The country's largest crafts chain said Saturday it learned recently of 'possible fraudulent activity' on some customer payment cards, suggesting there may have been a breach.
Michaels said Saturday that it learned recently of "possible fraudulent activity" on some of its customers' payment cards, suggesting there may have been a breach.
CEO Chuck Rubin said the company has not confirmed a breach, but wanted to alert customers.
"We are concerned there may have been a data security attack on Michaels that may have affected our customers' payment card information and we are taking aggressive action to determine the nature and scope of the issue," Rubin said in a statement.
Secret Service spokesman George Ogilvie said his agency was investigating the matter.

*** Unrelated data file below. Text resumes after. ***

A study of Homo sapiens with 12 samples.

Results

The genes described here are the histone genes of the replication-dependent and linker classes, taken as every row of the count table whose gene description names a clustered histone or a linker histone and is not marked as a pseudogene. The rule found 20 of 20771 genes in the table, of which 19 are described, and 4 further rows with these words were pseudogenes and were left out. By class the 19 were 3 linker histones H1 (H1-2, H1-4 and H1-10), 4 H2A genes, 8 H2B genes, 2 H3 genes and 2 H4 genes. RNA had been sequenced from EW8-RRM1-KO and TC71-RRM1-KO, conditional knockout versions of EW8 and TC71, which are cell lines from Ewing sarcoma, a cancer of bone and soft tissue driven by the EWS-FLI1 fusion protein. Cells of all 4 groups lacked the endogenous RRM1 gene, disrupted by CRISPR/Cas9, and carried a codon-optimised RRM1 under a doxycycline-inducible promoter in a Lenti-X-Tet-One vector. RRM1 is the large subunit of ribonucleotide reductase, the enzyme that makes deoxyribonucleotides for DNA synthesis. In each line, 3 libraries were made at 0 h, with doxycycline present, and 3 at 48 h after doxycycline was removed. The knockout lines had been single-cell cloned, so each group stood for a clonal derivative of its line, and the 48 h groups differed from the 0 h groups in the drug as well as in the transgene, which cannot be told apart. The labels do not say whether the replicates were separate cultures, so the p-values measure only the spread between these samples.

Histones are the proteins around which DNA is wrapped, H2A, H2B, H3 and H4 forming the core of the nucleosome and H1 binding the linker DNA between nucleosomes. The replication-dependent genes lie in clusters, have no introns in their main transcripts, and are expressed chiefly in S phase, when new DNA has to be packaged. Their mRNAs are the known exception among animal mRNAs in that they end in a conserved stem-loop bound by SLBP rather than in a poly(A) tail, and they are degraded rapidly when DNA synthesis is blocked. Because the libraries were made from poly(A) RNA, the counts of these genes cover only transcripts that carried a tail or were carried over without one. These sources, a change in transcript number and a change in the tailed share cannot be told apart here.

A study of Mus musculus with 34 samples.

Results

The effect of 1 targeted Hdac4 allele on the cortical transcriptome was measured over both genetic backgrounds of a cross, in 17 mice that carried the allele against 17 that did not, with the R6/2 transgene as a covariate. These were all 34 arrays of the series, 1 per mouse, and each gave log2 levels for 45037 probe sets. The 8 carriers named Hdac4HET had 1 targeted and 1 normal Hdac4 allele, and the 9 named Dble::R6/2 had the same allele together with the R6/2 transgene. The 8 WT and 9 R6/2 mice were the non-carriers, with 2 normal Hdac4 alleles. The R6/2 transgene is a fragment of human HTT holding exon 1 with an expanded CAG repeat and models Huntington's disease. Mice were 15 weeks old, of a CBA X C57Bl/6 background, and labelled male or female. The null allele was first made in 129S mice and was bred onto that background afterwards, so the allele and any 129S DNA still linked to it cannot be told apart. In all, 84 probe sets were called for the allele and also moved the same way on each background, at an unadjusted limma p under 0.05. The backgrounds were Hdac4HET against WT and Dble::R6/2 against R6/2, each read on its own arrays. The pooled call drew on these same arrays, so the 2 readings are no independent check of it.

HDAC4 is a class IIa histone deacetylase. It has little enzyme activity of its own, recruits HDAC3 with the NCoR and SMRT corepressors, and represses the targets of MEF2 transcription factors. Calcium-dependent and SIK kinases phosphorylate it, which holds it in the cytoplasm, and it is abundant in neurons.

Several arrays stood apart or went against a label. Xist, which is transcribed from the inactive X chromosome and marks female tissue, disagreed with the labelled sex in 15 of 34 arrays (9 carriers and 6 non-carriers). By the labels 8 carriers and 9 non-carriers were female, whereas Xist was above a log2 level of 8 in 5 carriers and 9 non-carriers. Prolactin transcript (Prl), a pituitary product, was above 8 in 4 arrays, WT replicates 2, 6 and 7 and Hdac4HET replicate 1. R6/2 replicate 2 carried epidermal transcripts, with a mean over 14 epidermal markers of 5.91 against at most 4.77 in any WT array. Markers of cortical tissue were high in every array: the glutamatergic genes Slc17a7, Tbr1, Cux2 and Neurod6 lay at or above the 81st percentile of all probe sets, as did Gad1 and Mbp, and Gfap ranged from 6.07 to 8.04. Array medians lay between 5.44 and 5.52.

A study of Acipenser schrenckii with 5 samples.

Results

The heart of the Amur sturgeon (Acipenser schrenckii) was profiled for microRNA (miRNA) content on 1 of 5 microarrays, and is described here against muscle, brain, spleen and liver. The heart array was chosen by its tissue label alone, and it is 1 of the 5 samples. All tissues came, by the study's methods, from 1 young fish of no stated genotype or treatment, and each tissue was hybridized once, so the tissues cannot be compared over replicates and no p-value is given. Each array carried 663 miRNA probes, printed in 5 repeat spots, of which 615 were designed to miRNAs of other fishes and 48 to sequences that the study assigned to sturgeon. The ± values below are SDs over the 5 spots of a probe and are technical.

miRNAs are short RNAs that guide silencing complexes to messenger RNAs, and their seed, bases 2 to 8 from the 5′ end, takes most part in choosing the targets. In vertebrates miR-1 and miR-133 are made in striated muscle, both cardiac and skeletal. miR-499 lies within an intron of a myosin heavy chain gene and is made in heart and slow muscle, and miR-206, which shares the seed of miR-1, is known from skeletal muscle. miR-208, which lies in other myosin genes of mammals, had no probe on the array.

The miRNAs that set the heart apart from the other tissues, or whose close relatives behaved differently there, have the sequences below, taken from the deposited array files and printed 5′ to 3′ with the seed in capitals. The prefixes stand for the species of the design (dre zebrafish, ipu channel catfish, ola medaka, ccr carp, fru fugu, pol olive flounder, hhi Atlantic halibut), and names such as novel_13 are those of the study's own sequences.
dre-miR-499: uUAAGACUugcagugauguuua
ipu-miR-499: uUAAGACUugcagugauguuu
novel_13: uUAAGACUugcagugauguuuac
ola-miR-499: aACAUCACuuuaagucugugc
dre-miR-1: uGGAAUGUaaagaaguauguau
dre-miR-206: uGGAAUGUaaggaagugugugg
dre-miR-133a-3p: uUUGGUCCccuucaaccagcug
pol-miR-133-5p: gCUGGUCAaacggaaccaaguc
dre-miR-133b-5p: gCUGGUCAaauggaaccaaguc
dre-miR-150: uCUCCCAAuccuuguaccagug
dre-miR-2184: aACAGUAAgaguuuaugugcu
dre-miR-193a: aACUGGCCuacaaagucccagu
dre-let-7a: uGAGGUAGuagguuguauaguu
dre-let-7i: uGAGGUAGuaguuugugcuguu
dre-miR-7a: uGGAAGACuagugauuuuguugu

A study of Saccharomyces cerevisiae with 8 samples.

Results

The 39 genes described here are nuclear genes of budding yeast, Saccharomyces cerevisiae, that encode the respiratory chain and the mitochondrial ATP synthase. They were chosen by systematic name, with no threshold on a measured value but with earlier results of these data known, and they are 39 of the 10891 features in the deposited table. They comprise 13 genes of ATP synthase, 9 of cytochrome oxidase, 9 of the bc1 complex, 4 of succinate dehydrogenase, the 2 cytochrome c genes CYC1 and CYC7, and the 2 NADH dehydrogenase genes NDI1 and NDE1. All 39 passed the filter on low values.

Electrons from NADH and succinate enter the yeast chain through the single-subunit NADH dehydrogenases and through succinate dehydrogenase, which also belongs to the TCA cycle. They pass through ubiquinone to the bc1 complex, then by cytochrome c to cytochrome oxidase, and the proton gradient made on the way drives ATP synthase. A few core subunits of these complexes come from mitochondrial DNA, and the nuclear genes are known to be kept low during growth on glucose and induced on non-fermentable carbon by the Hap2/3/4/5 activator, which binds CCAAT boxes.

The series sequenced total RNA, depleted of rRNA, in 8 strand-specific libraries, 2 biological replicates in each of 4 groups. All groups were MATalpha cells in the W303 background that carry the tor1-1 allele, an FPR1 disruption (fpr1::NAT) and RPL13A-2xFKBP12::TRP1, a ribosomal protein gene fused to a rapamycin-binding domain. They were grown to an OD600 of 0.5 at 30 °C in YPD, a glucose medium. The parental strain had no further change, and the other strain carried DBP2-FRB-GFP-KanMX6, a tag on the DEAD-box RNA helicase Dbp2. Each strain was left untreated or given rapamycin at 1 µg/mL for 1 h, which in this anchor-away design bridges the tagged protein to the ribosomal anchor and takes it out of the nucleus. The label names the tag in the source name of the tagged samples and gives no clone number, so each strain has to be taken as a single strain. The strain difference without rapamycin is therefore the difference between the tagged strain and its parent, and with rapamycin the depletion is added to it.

Michaels gave no additional information on the possible breach, including how many customers may be involved, when those customers shopped at Michaels, and if the possible breach affected online or in-store shoppers.
But citing "the widely-reported criminal efforts to penetrate the data systems of U.S. retailers," the company warned customers of the possible issue. If a breach is confirmed, Michaels said in a post to its website it would offer free identity protection and credit monitoring.
In recent weeks Target (Fortune 500) and Neiman Marcus have each acknowledged breaches. ,
The attack on Target affected as many as 110 million customers, including 40 million credit and debit card shoppers at the height of the holiday shopping season.
Neiman Marcus said a three-month breach in the summer and fall affected 1.1 million customers.